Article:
Offshore wind defies COVID as renewables prove their resiliency | RenewEconomy

Offshore wind defies COVID as renewables prove their resiliency

Offshore wind saw significant Final Investment Decisions over the first six months of 2020, resulting in the strongest 6-month period for the technology ever.


Global investment in renewable energy capacity remained steady during the first half of 2020 and despite the massive impact caused by the global COVID-19 pandemic, with the offshore wind sector rising above its peers for its busiest 6-month period ever.

Specifically, according to a database of deals and projects collated by research company BloombergNEF (BNEF), offshore wind saw significant Final Investment Decisions over the first six months of 2020, resulting in the strongest 6-month period for the technology ever.

“We expected to see Covid-19 affecting renewable energy investment in the first half, via delays in the financing process and to some auction programs,” explained Albert Cheung, head of analysis at BNEF, speaking alongside the release of the firm’s 1H’2020 investment figures. “There are signs of that in both solar and onshore wind, but the overall global figure has proved amazingly resilient – thanks to offshore wind.”

According to BNEF, offshore wind financings across the first six months of 2020 totalled $US35 billion ($A50.5 billion) – up 319% year-over-year and well above the full-year figure of $US31.9 billion ($A46 billion) recorded across the whole of 2019.

The offshore wind sector saw Final Investment Decisions made on 28 sea-based wind farms including the largest ever, the 1.5GW Vattenfall Hollandse Zuid array off the coast of the Netherlands which is estimated to cost $US3.9 billion ($A5.6 billion).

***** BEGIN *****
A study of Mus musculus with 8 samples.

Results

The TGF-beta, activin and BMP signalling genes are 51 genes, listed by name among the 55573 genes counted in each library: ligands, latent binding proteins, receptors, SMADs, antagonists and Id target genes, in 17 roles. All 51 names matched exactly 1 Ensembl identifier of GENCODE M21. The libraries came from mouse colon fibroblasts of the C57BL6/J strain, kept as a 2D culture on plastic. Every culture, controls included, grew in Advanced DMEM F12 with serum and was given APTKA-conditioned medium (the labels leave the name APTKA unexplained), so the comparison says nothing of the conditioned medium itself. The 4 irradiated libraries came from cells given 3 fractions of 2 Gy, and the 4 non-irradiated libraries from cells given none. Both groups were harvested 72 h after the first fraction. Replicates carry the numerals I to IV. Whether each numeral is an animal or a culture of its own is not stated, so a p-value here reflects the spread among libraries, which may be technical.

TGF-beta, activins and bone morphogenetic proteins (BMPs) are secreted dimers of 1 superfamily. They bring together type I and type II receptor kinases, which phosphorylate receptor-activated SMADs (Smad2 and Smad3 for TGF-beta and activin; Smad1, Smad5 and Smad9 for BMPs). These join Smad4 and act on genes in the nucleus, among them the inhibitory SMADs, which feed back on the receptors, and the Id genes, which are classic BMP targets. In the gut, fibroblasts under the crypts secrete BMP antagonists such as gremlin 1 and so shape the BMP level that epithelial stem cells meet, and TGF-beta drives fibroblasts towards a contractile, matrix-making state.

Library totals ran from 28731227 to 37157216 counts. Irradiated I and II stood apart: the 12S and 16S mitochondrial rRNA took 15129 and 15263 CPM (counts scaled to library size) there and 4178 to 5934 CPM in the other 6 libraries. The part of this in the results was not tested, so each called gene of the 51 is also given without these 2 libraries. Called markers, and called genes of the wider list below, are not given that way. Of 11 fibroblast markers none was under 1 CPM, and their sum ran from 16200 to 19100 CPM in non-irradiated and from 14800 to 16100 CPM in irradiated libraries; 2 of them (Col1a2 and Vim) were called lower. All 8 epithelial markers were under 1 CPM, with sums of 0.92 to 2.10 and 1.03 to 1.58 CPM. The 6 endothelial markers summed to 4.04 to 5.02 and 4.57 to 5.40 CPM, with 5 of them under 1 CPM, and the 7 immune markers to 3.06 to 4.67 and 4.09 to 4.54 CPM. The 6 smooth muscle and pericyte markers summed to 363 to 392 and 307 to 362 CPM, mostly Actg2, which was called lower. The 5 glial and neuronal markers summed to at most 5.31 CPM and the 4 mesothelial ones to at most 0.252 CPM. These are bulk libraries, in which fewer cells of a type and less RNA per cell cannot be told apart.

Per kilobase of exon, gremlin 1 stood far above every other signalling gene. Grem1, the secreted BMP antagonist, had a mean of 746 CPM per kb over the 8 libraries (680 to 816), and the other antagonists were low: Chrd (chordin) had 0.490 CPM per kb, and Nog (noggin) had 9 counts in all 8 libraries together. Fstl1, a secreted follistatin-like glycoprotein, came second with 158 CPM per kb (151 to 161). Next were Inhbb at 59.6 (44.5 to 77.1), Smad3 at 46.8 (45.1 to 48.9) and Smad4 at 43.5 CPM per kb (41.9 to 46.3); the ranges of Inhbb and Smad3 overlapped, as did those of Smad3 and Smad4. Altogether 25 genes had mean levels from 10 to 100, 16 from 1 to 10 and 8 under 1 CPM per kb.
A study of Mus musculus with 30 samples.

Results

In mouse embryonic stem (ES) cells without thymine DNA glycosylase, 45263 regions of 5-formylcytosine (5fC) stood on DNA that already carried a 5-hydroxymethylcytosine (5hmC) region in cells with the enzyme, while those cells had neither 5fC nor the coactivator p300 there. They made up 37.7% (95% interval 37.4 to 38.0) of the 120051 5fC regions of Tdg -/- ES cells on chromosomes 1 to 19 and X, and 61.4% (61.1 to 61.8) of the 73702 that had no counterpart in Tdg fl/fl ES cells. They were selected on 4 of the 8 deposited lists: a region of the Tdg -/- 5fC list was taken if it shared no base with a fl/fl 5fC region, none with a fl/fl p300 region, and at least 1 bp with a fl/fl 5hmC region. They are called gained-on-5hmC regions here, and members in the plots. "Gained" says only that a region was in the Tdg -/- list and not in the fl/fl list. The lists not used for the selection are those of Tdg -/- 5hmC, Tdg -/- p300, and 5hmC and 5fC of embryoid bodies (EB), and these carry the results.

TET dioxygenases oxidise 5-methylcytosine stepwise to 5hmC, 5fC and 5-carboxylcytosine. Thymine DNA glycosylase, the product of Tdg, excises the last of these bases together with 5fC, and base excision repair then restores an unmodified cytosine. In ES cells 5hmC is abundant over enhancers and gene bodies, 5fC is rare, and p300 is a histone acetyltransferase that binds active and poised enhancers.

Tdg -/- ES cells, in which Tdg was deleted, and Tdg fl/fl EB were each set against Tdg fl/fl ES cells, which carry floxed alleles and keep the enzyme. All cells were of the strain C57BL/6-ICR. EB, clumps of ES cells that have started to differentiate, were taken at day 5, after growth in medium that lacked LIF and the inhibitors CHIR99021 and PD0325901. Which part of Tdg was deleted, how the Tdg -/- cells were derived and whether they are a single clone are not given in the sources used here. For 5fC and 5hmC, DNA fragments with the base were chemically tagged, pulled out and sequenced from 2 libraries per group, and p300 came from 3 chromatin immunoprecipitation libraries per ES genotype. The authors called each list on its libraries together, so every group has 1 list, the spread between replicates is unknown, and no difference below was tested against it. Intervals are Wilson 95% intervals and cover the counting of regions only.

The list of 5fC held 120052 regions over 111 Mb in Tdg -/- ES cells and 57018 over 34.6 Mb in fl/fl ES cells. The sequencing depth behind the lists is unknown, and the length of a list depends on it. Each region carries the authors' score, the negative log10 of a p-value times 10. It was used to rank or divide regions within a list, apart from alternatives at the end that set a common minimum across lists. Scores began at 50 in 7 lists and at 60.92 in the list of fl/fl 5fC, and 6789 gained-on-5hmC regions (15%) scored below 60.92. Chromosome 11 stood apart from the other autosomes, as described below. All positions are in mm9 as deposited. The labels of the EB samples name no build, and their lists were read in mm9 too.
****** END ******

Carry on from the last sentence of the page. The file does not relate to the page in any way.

Other big-name offshore wind projects finalised during the first half of 2020 included the 1.1GW SSE Seagreen project set to be built off the coast of the United Kingdom and set to be worth an estimated $US3.8 billion; the 600MW CIP Changfang Xidao array off Taiwan, at an estimated $US3.6 billion; and the Fecamp and Saint-Brieuc projects in French waters, together totalling 993MW and $US5.4 billion.

Meanwhile, there were no fewer than 17 separate Chinese installations financed led by the 600MW Guangdong Yudean Yangjiang Yangxi Shapaat worth an estimated $US1.8 billion.

“Offshore wind is benefitting from the 67% reduction in levelized costs achieved since 2012, and to the performance of the latest, giant turbines,” said Tom Harries, head of wind analysis. “But the first half of this year also owed a lot to a rush in China to finance and build, in order to take advantage of a feed-in tariff before it expires at the end of 2021. I expect a slowdown in offshore wind investment globally in the second half, with potentially a new spike early next year.”

The offshore wind sector’s strong showing was not necessarily replicated across the whole renewable energy industry, and overall investment in new renewable energy capacity across the first six months of 2020 increased by only 5%, up to $US132.4 billion ($A191 billion) as against the first six months of 2019, though was unsurprisingly down on the last six months of 2019, following the trend of stronger second-halves.

Investment in new onshore wind capacity fell by 21% to $US37.5 billion ($A54 billion) while investment in new solar fell 12% to $US54.7 billion ($A78.9 billion).

Similarly, investment in new biomass and waste-to-energy plants fell by 34% to $US3.7 billion ($A5.3 billion) while investment in new geothermal plants jumped a whopping 594% to $676 million ($A975 million). Small hydropower plants of 50MW or less saw investment fall by 14% to $US576 million ($A831 million) and investment in biofuel production fell by 82% to $US250 million ($A360 million).

“Renewables have been helped by vastly improved competitiveness and by investor appetite for assets offering secure cash flows,” said Angus McCrone, chief editor at BNEF. “However, project developers face the challenge that key people, whether at the permitting, financing or construction stages, can’t meet face-to-face. And buyers of small-scale solar systems are sensitive to changes in consumer confidence.”